UPDATE #2: After the dust has settled on Microsoft's latest policy change, Retro City Rampage developer Brian Provinciano has offered hints that all may not be quite as good as it seems.
"This is yet another example of them changing policy, but it sounding better than it is when the whole story is revealed," Provinciano told Engadget. "Make no mistake; while this is a great thing, it's again not the equivalent to what other platforms offer."
"On PS4, for example, developers can tap right into the system; use every bit of RAM and all of its power. Indies have access to everything that the AAA studios do, from platform support to development and release. The indication on Xbox One is that it's essentially XBLIG 2.0. Instead of XNA, it's Windows 8. Windows 8, which is already struggling to gain developer interest, will gain a boost from developers wishing to target the console. However, it won't be as full-fledged as published games on the system."
Microsoft exec Marc Whitten yesterday hyped up the importance of self-published Xbox One games by boasting of their access to various system features, including Kinect (not that surprising since it's an unremovable part of Xbox One), the cloud, and achievements.
The inclusion of achievements is interesting as Microsoft has traditionally kept a fairly strict structure to their distribution - Xbox Live Indie Games lacked them entirely. Their inclusion in self-published Xbox One titles suggests that Microsoft will retain a decent amount of control over their curation and certification.
By asking developers to create Windows 8 compatible versions - for Xbox One, tablets and PCs - the company would expand its current Windows 8 self-publishing structure while bolstering its threadbare Windows Store line-up.
Despite the changes Provinciano explained he was still uninterested in developing for Xbox One, due to his experiences while getting Retro City Rampage released on Xbox 360.
"After my experience working with them to release on Xbox 360, I have no interest in even buying an Xbox One, let alone developing for it. The policy changes are great, but they don't undo the experience I had. I'm not ready to forget what I went through. Working with Microsoft was the unhappiest point of my career. Policies are one thing, but developer relations are another.
"It's important to me that consumers don't see things as black and white. There are still strings attached to this policy change."
We'll hear the full details of Microsoft's plans at Gamescom next month.
UPDATE: Microsoft has confirmed that it is going to allow self-publishing after all.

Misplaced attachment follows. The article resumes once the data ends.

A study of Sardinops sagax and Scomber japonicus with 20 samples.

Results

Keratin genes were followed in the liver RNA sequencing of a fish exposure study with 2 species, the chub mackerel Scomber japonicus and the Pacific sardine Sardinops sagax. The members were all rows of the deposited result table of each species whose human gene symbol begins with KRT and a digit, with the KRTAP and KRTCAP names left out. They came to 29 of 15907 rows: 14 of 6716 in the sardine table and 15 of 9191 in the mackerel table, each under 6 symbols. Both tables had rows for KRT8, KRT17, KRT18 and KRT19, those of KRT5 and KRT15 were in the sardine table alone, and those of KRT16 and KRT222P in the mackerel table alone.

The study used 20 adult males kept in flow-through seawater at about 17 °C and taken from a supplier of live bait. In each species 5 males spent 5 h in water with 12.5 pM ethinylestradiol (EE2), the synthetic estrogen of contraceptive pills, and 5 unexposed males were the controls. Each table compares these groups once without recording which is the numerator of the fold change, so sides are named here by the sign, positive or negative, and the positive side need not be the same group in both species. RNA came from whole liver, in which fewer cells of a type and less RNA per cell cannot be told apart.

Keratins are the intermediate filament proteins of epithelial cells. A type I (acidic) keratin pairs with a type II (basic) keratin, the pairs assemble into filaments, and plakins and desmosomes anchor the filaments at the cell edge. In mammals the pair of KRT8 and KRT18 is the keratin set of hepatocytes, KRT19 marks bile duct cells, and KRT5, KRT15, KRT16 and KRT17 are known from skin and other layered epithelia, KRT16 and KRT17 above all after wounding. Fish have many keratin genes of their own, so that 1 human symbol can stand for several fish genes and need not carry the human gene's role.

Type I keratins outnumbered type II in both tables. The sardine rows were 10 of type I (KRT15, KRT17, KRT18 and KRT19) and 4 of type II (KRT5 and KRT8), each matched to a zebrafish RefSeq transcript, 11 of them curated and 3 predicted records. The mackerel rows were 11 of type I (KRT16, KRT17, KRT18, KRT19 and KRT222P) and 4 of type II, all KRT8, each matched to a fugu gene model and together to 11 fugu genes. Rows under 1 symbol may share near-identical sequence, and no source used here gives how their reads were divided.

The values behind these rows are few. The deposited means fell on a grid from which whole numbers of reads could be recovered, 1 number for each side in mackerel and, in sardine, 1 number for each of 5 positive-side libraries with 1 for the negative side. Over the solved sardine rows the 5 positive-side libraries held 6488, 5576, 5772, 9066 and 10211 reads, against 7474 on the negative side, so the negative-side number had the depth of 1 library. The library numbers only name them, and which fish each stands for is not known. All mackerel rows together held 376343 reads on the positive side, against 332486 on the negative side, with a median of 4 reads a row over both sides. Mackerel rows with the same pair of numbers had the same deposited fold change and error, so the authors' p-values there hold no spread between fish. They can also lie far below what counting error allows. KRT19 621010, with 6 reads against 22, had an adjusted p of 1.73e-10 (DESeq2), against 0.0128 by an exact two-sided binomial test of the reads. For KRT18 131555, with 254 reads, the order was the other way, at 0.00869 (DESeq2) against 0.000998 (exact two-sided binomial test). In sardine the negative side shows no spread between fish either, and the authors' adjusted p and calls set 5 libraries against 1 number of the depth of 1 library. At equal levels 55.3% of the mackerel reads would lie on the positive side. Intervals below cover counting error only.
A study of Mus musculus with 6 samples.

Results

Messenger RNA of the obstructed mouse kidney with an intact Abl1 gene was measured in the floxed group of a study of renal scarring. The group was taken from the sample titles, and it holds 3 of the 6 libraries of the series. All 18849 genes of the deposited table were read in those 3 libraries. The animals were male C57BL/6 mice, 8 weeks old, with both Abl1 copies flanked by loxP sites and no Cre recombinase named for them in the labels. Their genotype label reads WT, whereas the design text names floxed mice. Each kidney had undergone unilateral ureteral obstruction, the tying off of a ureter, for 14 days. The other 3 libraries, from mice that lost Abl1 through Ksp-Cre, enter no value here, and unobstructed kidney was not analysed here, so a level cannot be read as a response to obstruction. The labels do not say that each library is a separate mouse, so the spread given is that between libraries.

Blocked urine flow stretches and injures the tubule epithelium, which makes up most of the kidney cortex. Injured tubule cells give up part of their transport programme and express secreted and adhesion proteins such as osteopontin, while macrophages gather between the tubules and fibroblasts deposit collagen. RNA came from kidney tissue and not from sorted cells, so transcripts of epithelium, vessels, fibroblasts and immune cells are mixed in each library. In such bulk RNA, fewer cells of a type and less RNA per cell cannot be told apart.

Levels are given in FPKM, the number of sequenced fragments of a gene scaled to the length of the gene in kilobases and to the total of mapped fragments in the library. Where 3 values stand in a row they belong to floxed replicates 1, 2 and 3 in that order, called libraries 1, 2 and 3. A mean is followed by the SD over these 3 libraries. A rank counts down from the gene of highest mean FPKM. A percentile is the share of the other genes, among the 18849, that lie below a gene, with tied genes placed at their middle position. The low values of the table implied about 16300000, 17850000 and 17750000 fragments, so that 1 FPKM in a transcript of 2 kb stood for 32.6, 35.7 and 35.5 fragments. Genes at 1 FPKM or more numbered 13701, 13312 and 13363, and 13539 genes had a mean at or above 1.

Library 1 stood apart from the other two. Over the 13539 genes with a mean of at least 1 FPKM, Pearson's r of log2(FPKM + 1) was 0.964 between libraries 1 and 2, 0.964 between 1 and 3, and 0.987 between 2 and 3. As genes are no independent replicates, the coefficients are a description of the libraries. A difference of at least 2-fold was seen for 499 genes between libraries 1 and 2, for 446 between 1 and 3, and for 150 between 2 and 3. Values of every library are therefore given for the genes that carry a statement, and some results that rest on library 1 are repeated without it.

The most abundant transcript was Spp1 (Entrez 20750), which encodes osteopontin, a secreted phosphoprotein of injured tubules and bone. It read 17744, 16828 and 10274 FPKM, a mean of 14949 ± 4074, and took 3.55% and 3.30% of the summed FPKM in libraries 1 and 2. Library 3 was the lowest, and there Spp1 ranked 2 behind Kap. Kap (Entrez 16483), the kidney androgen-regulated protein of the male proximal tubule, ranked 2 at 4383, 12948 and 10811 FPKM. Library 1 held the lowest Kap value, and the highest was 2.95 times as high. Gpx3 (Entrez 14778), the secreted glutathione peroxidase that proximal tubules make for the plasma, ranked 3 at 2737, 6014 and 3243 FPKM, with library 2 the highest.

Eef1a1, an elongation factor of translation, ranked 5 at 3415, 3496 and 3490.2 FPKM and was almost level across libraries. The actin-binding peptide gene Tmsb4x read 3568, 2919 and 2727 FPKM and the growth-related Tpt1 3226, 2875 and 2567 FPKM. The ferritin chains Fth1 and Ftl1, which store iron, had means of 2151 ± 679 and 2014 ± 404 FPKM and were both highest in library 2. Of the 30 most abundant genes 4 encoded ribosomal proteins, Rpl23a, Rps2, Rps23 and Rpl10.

Furthermore, Xbox corporate VP Marc Whitten noted in a statement to Engadget [and later sent to us] that "every Xbox One can be used for development."
The details behind Microsoft's rapidly changing policies are murky, but Whitten said more will be announced at Gamescom. His full statement is as follows:
"Our vision is that every person can be a creator. That every Xbox One can be used for development. That every game and experience can take advantage of all of the features of Xbox One and Xbox Live. This means self-publishing. This means Kinect, the cloud, achievements. This means great discoverability on Xbox LIVE. We'll have more details on the program and the timeline at Gamescom in August."
ORIGINAL STORY: After dropping its update fees and backtracking on its draconian DRM requirements for sharing, renting, and buying used games, Microsoft is allegedly backpedaling on its other most derided stance: its policy not to allow self-publishing.
According to anonymous sources at GameInformer, Microsoft is going to allow indies to self-publish their games, just as they can on Sony and Nintendo platforms as well as Steam.
Many developers have spoken out about Microsoft's antiquated policy that would require indie devs to partner up with a publisher to bring their games to XBLA. According to GameInformer's report, independent developers will be able to set their own release dates and pricing.
The report goes on to say that Microsoft is massively streamlining its certification process to a 14-day turnaround similar to iTunes. Previously it was a long, drawn-out process of extensive code checking.
GameInformer also noted that a source claimed the Xbox One could be converted into a debug console to play pre-release code - though the report said that this had yet to be confirmed. In today's world debug units are a rare entity only used by devs and the occasional journalist, but allegedly Microsoft wants to grant access to betas by authorising a console's ID to play early code. Under this hardware provision, betas will purportedly be accessible for up to 25,000 users per test.
It's unclear if these new publishing policies are just for Xbox One or if they will cover Xbox 360 as well. I'm currently knocking on some virtual doors with indie devs and Microsoft to see if I can confirm this info.